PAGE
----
Guide to Moral Living in Examples: Everett's Basement

Everett sat with his back to the door to his basement, bawling and shivering.

He'd closed on the house only fifteen minutes earlier, when he'd taken the keys and began to walk around the house and mutter to himself "my kitchen, my sink, my mouse turd. Wait, mouse turd?"

He'd tried to go to the basement to check for signs of a mouse invasion. When he'd opened the door to his basement, however, he was greeted by the sight of a screaming, whirling maelstrom of malevolent spirits in the gloom. Howling axe-murders dismembered their ethereal victims, feeding their entrails to screeching harpies who supplemented their grisly diet with eyeballs plucked from the sockets of Spanish Inquisitors who cavorted in ecstasies of masochistic pain.

"They sold me a goddamn haunted house!" Everett said. He called his realtor. A few minutes later, Nick Swanson, Realtor, came into the house.

"You say that you have ghosts?" Nick said.

"Yes, I do! Check the basement!" Everett said.

Nick Swanson, Realtor opened the door to the basement.

"Hunh," he said, staring at the chaos. He closed the door and turned to Everett.

"Well, there's precisely fuck-all that I can do. Or rather, that I choose to do. You see, I've already cashed my fee and was on my way to enjoying some hookers and blow when you called to interrupt me, so fuck you very much."

"I'll sue you!" Everett yelled out of his front door as Nick Swanson, Realtor tromped across Everett's lawn. "For selling me a house with known paranormal phenomena!"

"Good luck! That won't stand up in court. Flames, flood, natural disasters, sure. Ghosts? Not fucking likely. I'll see you in the courtroom, or hell, whichever comes first!" Nick Swanson, Realtor yelled back.

Everett called his real estate lawyer and listened to a recording from his real estate lawyer's attorney, stating that Everett's lawyer was missing and presumed dead.

That night Everett sat up with a Bible and a cross and all of the lights turned on. He refused to go stay in a hotel rather than his house.

Then the power went out. Within moments the blue and gray ghosts floated out of the basement, no longer howling or plucking or murdering. One of the axe-murder's victims, with a split-open skull and dripping ethereal blood pooling on the very real carpet, noticed Everett sitting on the couch.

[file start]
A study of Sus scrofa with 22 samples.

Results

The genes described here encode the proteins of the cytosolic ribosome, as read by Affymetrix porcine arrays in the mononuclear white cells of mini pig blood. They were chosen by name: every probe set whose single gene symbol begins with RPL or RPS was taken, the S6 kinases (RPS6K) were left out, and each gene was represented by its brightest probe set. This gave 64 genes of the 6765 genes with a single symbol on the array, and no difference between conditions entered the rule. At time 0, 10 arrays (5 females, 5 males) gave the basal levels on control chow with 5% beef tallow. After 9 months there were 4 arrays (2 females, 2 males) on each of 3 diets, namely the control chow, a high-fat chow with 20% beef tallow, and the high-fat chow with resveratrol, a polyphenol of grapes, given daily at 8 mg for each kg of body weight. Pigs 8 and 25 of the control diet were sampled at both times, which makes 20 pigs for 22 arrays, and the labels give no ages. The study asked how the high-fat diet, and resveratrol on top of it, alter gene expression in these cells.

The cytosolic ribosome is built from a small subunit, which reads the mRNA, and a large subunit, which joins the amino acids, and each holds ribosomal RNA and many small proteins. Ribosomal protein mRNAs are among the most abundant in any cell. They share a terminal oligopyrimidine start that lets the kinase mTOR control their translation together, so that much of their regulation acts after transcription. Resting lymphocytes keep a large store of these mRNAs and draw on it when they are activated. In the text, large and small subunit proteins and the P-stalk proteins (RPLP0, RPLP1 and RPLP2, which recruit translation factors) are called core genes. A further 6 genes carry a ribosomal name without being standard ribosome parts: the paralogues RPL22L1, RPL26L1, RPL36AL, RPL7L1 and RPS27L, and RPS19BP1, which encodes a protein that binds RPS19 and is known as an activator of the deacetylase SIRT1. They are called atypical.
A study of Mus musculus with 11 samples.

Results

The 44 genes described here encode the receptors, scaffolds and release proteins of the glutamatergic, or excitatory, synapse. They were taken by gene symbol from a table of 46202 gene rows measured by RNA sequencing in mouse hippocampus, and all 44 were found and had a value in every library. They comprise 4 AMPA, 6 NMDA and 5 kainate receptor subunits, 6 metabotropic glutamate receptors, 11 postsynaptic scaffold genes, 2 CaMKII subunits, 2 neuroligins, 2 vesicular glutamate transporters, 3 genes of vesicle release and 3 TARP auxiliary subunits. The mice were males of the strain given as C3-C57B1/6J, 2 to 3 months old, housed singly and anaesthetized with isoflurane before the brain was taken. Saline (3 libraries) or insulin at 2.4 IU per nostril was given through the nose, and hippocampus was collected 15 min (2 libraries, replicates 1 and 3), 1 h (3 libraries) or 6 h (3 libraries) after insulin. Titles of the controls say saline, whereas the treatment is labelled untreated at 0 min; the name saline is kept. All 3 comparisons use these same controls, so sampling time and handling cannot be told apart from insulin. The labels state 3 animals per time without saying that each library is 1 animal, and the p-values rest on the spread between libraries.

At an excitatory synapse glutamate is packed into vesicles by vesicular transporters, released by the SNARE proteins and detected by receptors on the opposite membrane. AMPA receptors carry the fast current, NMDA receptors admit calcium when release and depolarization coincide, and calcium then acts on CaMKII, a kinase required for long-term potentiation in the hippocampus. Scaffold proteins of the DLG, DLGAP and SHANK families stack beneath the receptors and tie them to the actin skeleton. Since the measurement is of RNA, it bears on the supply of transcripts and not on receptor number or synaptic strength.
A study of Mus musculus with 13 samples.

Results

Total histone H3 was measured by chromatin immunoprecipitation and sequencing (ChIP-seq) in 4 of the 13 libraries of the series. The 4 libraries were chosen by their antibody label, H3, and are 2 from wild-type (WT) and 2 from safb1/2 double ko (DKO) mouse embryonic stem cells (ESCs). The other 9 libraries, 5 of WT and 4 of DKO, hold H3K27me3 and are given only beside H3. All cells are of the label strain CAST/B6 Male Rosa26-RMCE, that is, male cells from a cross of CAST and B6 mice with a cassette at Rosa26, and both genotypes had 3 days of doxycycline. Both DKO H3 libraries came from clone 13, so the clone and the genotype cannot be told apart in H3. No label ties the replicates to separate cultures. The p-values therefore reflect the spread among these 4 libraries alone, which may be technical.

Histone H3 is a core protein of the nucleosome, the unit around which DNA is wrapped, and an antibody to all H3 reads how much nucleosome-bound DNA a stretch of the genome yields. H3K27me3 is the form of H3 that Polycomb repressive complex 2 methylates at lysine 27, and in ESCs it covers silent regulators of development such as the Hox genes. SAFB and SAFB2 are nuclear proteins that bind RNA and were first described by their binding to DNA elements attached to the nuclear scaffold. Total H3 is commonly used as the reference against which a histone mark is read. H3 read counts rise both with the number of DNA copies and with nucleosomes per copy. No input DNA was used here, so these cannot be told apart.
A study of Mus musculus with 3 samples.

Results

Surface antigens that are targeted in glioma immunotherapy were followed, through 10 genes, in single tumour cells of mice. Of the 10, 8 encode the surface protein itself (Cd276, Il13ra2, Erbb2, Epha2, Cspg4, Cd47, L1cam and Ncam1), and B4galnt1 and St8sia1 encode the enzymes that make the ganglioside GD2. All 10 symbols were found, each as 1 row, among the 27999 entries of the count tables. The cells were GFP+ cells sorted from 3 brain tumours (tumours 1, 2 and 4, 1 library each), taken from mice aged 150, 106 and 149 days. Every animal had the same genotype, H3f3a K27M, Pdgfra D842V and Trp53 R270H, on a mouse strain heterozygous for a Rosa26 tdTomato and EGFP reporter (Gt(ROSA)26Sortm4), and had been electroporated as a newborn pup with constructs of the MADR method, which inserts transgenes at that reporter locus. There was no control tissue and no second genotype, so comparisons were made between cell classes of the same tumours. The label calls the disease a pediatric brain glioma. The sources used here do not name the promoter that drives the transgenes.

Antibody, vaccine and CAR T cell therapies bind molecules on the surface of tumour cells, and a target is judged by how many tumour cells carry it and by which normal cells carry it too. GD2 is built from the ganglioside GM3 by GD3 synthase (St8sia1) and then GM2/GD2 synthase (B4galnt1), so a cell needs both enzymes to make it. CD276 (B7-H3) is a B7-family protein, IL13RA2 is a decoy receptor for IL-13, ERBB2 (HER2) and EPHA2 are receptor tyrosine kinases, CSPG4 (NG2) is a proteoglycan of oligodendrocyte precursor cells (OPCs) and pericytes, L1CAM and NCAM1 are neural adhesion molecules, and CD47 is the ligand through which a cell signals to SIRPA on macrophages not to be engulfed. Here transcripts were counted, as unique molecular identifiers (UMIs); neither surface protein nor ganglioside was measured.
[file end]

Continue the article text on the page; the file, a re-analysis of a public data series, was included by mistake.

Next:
"Hey, mate, was the house sold?"

"Y-y-yes," Everett said.

"What? The house was sold?" one of the harpies asked. Her mouth was oversize and her teeth were inch-long needles covered with impaled eyeballs.

"Th-th-this morning," Everett replied.

The axe murderer lifted up his hocket mask to reveal a disfigured, mutilated face.

"That means that you're our new master," the axe murderer said.

"Your new master?"

"Aye, the previous owner was a nutjob who kept us here."

"Oh! Well, you're all free to go! Go free! Begone!"

"Actually," said the harpie, plucking a few eyeballs out of her mouth and handing them back to the eyeless Spanish Inquisitors that stood nearby, "this may sound a bit strange but I consider this to be my home now. I've been here for fifty years. That's a lot of history."

"Si," said one of the Spanish Inquisitors, popping his eyes back into their sockets and rolling them around. "Esta es mi casa."

"But we would love to be able to come out of the basement once in a while," said the axe murderer. "I understand that there's a patio?"

"Yes, there is, and quite a nice yard," Everett replied.

"So can we stay?"

Everett looked into their eyes and thought he saw sadness, except for the Spanish Inquisitors which continued to roll around like marbles on a greased pan carried by a man with one leg a foot shorter than the other. After all, they only seemed to harm each other.

"Sure," Everett said.

"Hooray!" the ghosts yelled.

The Moral: It's what is on the inside that counts, unless the insides are on the outsides.